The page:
BERN--Biotech researchers breathed a sigh of relief today after Switzerland's cabinet, the Federal Council, rejected a hotly debated proposal for a moratorium on releases of genetically modified organisms (GMOs) into the environment. Instead, the Council adopted a less burdensome legislative package that calls for a case-by-case evaluation of GMO research proposals.
The new legislation, called "Gen-Lex," has its roots in a June 1998 public referendum that would have banned Swiss research involving transgenic animals (ScienceNOW, 8 June 1998). In persuading the public to reject the referendum by a 2-to-1 margin, the Swiss government and industry officials had promised to tighten laws governing transgenic research.
Toward that end, Switzerland's federal environment office--and, recently, Environment Minister Moritz Leunberger--pushed for a moratorium of at least 10 years on genetically modified crops as well as on some research that would involve release of GMOs, such as experiments involving transgenic plants with close relatives nearby. The environment office also wanted to require companies or scientists to prove that their GMO products or research would benefit the public.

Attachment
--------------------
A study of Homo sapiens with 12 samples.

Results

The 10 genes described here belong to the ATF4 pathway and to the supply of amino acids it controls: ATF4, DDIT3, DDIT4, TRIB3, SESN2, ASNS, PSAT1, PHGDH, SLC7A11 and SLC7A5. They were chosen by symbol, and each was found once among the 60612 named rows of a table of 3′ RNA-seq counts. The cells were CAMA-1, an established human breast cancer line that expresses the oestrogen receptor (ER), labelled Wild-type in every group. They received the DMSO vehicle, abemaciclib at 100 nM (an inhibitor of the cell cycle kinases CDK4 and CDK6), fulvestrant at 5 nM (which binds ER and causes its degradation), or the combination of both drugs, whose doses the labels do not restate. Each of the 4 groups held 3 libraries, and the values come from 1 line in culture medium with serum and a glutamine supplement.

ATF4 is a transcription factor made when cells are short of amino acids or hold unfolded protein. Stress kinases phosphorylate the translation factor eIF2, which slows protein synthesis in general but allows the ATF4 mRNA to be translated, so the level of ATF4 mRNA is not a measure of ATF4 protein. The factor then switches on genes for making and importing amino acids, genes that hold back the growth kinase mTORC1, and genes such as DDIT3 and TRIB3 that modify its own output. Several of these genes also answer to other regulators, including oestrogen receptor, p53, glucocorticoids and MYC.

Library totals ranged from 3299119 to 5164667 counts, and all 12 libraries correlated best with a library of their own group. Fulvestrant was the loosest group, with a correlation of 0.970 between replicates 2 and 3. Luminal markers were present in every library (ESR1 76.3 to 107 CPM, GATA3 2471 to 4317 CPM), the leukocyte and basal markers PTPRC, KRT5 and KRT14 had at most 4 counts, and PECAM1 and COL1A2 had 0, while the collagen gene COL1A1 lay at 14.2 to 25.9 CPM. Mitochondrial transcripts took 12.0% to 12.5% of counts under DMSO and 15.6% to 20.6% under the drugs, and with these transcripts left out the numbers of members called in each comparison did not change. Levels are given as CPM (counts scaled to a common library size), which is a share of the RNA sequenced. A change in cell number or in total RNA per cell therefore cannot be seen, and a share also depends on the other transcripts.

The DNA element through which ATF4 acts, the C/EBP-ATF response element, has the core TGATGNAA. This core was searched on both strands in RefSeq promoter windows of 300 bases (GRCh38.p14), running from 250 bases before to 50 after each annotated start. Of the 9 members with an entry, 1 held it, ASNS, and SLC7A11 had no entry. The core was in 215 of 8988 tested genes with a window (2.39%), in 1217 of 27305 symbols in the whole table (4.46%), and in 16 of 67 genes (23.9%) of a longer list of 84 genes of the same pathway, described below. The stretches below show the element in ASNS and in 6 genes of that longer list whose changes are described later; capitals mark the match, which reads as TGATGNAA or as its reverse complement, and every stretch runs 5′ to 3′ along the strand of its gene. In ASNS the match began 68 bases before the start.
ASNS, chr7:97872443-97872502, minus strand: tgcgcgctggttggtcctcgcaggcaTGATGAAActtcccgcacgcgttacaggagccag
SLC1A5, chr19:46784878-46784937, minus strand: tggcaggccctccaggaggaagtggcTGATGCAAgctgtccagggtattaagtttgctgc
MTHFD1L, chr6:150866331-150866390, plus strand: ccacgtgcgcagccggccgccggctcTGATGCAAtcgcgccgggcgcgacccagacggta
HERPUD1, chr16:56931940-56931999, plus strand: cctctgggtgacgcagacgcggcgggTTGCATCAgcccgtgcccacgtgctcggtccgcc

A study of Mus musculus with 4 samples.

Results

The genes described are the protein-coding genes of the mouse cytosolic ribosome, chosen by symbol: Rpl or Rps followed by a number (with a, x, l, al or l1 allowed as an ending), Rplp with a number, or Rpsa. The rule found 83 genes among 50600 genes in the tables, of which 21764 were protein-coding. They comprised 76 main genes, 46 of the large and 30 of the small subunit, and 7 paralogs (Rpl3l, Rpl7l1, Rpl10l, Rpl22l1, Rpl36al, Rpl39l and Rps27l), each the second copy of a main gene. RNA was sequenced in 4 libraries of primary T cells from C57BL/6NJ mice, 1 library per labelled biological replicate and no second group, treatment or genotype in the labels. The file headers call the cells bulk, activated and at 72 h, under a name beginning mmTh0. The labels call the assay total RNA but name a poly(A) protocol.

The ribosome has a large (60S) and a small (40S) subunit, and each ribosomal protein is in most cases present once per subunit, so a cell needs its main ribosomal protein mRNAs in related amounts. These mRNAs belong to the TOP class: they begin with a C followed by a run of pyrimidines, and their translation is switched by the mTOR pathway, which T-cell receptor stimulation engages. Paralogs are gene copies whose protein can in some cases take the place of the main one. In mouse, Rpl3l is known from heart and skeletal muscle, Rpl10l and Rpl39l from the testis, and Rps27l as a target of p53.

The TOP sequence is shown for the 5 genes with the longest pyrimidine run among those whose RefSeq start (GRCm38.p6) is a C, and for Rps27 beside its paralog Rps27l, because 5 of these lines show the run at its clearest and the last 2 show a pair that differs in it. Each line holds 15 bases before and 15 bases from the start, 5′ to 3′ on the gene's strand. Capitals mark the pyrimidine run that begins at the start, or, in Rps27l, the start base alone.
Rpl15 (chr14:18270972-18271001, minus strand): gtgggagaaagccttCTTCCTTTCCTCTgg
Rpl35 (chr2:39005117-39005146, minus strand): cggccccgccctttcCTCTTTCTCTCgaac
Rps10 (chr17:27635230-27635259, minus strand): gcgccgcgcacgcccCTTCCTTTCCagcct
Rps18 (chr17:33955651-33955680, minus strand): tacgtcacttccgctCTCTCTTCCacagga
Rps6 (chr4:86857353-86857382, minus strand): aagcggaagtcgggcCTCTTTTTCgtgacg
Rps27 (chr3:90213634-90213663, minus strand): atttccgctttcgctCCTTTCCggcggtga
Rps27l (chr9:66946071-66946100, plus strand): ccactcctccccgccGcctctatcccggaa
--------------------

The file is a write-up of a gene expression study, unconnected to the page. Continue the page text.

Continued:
But Switzerland's pharmaceutical and seed industries, joined by some research organizations, helped convince the Council to adopt a less restrictive version of the Gen-Lex package. This version shifts the burden of proof by stating only that GMO projects could be rejected if they are not deemed to be in the public interest. Gen-Lex, in addition to its GMO research provisions, would require companies to carry liability insurance on GMO products for 30 years (a decade longer than in many European countries), and it stipulates that Swiss consumers must be informed of products containing GMOs.
Industry is relieved that the Council rejected more stringent measures. "The decision is in line with Swiss policy to allow significant biotechnology research," says Thomas Cueni, who heads Interpharma, a group that represents the Swiss pharmaceutical industry. The legislation--which observers expect the Swiss Parliament to approve later this year--"is not likely to cause severe problems for Swiss researchers," says Richard Braun, a Bern microbiologist who chairs Gen Suisse, a biotech advocacy group.